It seems to be a much-practiced habit – writers who stand up publicly for the rights of other writers, for better wages, for respect, dammit! But then look under the surface and oops! There you are – those projects you don’t want to admit to taking, those projects that you took that you’d be ashamed to admit to, the ones you try justifying to yourself and others, those “clip building” attempts at a career. Oh, honey. I’ve been there and done that in terms of taking jobs that are too low in price. But I don’t wear the t-shirt any longer.
Somewhere in our minds we justify that taking a job paying ten cents a word is a way to “break in” to the industry. I’ve done it. You’ve done it. But really, how often have we progressed beyond that price, or for that matter, any further into that industry? I used to have a “one-and-done” policy of article writing for magazines. One article to get into the industry, then move on to higher-paying stuff. Only I didn’t move on. In fact, I stayed. By the end of my relationship with one publication, I was so resentful I couldn’t stand it. And I resented myself for taking the job. They were clear what they’d pay. I accepted it. Bitterness that followed? My fault entirely.
I know some writers who still work for well under $1/word. I know writers who think residual income lies in posting articles on content mill sites. These are people I adore and respect. Know what I think is missing in their business choices? Clearly thought out side effects. Really. In the case of say one article on a content mill site, how much money are you earning? How much would that “residual” income make if you’d put some proactive marketing into the idea? About 30 minutes of real research into magazines and you could easily quadruple (or better) that payout.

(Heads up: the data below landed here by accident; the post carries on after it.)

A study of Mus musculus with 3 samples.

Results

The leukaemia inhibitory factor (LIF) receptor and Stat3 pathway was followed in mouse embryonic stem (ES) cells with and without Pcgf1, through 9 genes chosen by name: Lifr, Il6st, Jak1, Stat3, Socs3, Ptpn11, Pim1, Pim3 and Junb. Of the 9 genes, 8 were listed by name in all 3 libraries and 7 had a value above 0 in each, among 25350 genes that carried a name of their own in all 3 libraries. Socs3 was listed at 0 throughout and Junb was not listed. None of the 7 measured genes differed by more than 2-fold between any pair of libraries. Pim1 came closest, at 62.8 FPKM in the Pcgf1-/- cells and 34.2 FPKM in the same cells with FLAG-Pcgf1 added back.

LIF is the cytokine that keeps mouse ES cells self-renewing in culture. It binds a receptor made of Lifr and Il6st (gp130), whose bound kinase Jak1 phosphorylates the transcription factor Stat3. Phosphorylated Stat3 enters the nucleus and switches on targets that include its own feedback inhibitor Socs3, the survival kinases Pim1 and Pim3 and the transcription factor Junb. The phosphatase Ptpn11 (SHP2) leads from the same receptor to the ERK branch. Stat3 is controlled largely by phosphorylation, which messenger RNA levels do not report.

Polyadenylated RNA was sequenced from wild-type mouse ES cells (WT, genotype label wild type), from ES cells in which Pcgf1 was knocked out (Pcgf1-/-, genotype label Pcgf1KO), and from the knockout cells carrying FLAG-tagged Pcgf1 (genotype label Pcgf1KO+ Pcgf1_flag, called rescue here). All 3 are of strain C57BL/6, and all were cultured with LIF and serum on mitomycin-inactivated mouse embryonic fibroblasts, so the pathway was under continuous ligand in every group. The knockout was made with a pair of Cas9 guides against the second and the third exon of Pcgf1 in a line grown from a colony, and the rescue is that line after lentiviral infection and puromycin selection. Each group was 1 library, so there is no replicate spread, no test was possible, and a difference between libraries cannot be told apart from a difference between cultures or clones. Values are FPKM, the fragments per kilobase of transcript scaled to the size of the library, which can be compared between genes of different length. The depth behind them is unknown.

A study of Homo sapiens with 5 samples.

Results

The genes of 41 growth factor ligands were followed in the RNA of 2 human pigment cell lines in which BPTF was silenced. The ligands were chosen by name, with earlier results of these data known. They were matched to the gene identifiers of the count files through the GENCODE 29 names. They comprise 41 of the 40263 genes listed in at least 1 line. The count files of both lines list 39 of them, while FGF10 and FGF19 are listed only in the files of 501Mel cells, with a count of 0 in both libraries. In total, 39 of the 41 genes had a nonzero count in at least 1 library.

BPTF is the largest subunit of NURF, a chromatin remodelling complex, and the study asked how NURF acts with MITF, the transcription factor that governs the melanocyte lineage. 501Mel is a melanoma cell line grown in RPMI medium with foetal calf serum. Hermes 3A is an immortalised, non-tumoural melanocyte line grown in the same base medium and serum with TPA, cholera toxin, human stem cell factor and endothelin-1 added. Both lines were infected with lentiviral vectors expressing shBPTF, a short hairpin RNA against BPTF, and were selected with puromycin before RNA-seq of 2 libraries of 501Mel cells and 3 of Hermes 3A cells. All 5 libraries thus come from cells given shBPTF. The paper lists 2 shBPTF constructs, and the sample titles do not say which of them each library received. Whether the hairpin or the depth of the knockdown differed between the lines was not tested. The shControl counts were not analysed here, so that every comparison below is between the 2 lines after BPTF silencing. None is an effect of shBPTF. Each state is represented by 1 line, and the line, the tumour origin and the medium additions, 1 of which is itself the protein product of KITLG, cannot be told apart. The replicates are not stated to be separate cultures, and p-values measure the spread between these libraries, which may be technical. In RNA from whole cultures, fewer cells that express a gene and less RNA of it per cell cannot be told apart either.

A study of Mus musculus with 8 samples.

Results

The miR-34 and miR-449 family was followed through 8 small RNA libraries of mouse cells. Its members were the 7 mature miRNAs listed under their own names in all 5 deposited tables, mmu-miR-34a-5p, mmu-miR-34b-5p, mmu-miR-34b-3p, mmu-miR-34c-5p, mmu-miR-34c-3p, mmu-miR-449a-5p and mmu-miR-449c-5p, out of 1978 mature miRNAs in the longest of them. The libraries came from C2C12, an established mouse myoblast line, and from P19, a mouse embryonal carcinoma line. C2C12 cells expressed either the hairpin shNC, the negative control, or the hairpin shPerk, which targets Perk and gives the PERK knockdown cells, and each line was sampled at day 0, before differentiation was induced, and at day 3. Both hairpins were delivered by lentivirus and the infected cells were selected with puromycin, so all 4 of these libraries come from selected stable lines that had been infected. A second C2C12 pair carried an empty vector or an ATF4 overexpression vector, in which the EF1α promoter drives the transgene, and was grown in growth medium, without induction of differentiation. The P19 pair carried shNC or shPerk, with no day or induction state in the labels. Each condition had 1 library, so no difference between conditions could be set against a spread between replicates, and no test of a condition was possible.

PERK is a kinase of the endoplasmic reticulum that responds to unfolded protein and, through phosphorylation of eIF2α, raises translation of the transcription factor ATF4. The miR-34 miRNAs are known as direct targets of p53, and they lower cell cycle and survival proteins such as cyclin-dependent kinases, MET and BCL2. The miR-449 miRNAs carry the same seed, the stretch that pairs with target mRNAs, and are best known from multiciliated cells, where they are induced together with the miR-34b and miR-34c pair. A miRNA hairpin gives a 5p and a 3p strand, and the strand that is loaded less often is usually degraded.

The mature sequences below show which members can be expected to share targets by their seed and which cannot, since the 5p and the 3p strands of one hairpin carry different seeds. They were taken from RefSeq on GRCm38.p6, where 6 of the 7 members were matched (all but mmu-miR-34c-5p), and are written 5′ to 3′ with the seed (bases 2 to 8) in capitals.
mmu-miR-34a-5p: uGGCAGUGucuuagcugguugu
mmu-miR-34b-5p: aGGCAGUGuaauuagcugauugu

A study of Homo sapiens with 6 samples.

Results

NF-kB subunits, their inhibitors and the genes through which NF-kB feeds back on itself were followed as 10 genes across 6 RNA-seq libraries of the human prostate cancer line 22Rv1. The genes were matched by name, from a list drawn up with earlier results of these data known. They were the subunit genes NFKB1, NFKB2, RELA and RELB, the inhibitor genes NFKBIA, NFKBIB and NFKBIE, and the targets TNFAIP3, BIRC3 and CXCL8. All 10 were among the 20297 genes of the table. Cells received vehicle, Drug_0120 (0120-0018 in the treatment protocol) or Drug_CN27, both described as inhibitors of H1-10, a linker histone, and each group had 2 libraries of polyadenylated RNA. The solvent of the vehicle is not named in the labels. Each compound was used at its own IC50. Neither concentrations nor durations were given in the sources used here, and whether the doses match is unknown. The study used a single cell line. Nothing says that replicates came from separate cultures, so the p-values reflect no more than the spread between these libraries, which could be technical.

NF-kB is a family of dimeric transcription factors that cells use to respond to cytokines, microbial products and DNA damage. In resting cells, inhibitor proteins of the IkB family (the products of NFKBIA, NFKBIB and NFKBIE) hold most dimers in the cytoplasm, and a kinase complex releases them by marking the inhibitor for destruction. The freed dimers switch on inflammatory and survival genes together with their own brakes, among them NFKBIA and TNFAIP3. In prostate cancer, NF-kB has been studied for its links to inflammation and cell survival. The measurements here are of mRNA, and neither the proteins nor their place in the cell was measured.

Another side effect – the loss of respect. In one case, writers were shocked to learn of an experienced writer putting his stuff on a content mill site. Shock turned to disbelief as he had posted numerous blog entries berating these same sites. Worse, he accepted ads from these sites. You must be kidding.
Content mills aside, my theory on accepting less just to get the foot in the door is simple. If everyone takes this approach, magazines will soon learn they can drop their rates to ridiculous levels and still fill pages. Don’t think those lower-priced jobs you take don’t affect your future rates at other publications. Just try getting top dollar from XYZ magazine when they know you worked for ABC, and they know what ABC pays its writers (this info is almost always readily attainable on the Internet).
I’m up front with you guys on everything I do and say. For that reason, I’m inviting you to come clean. Right here, tell us the job you cling to for whatever reason. Tell us in your own words how you’ve justified it, and tell us how you will move beyond it. No judgments here – just an opportunity for you to openly examine those projects that are beneath you and make a proclamation of your own worth.
So, pull up a keyboard and tell us. Don’t be shy. You’re among friends. And we’ve all been there, too.